Robert T. Beyer

Robert Thomas Beyer (January 27, 1920 - August 20, 2008) was an American physicist,[1] best known for his work in the field of acoustics, and for his translations of Russian and German physics books and journals into English.

Early life and education

Beyer was born in Harrisburg, Pennsylvania on January 27, 1920. He received his A.B. in Mathematics from Hofstra in 1942, and his doctorate in Physics from Cornell University in 1945, with a dissertation focused on magnetic amplifiers.[2]

Career

Beyer was hired as an instructor at Brown University in 1945, where Robert Bruce Lindsay quickly persuaded him to join the physical acoustics laboratory.[2] He spent his entire career at Brown, being appointed assistant professor in 1947, associate professor in 1951, and full professor in 1958, serving as Chairman of the Physics Department from 1968-74.[2]

He co-wrote the book "College Physics" in 1957, followed by the advanced treatises "Physical Ultrasonics" and "Nonlinear Acoustics" in 1969 and 1976, respectively.[2] In 2000, his book "Sounds of Our Times", a history of the science of acoustics since 1800, was published by Springer Science+Business Media.[3]

Translations

Beyer translated von Neumann's Mathematical Foundations of Quantum Mechanics from German into English, in 1955, for Princeton University Press.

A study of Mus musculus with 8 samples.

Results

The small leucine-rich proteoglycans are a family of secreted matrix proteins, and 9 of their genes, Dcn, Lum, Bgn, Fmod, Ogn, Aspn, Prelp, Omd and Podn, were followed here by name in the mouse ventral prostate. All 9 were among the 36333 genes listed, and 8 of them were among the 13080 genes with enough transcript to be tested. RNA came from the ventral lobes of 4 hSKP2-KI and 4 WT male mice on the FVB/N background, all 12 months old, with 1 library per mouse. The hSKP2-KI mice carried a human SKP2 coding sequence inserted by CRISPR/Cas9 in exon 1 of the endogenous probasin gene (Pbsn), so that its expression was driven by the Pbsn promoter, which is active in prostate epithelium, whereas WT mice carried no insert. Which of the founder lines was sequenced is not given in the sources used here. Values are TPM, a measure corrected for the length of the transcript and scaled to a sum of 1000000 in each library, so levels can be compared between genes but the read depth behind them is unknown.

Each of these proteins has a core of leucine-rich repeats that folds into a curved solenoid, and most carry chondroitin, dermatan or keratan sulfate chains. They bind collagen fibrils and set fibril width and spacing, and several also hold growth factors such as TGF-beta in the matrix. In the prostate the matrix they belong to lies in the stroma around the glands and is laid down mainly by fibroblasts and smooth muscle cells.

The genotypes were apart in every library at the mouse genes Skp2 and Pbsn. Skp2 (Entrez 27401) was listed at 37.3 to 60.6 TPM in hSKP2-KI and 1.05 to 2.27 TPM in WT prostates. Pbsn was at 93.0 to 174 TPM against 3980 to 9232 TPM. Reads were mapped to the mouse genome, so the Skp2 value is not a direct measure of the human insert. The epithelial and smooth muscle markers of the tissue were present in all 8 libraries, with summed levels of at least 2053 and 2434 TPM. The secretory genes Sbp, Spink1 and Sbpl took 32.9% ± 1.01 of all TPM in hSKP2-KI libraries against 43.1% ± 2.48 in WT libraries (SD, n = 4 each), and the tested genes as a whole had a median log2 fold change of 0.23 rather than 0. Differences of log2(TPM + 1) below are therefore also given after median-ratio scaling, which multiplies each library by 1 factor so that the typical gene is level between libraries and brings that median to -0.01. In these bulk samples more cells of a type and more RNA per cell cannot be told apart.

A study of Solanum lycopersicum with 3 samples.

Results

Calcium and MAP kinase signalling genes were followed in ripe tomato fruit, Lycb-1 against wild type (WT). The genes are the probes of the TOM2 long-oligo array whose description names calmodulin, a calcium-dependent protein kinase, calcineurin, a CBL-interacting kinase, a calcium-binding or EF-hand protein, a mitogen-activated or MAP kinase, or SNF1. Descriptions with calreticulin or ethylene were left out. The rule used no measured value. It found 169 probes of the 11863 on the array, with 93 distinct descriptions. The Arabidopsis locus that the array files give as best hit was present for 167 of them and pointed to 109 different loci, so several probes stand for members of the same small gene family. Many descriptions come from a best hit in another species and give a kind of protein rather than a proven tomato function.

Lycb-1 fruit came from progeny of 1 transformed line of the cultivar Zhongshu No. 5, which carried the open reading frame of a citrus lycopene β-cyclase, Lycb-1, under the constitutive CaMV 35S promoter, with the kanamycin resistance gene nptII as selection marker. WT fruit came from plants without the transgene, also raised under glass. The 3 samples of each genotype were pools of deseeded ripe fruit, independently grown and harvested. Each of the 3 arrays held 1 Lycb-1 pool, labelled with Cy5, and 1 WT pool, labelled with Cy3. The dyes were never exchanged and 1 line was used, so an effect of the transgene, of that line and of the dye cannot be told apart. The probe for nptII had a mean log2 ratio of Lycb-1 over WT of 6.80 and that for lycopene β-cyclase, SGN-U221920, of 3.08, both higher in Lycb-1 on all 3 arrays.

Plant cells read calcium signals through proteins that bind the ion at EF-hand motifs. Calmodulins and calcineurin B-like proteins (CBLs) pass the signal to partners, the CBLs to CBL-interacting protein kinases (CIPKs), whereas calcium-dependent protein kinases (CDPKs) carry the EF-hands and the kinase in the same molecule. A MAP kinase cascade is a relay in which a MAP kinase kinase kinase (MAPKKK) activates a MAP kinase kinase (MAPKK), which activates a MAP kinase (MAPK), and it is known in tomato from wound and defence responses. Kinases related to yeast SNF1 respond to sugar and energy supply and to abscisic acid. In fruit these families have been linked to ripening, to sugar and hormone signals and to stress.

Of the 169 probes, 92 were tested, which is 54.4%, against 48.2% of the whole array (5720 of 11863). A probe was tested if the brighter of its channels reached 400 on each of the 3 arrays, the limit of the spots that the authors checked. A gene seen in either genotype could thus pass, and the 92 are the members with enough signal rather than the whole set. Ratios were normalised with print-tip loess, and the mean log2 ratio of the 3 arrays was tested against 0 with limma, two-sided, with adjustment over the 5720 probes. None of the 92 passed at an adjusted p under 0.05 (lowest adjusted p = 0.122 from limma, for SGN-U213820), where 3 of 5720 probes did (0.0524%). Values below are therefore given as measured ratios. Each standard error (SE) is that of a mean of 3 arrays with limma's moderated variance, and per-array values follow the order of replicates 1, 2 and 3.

Personal life

Beyer was afflicted with severe rheumatic fever as a teenager, which damaged his heart, and later by multiple sclerosis.

He married the former Ellen Fletcher on Valentine's Day in 1944, and they remained devoted to each other until Ellen's death in 2005. They had four children: Catherine Beyer Hurst, Margaret Beyer, Rick Beyer, and Mary Beyer Trotter. [1]

He died in August 2008.[4]

References

  1. ^ a b Obituary from the Providence Journal at legacy.com
  2. ^ a b c d Acoustical Society of America Gold Medal Award - Robert T. Beyer
  3. ^ Nelson, Philip (4 February 2000). "How to get gas bubbles excited". Times Higher Education. Retrieved 2015. 
  4. ^ Tortua, Sara. "Robert Beyer". Physics Today. Retrieved 2015. 

  This article uses material from the Wikipedia page available here. It is released under the Creative Commons Attribution-Share-Alike License 3.0.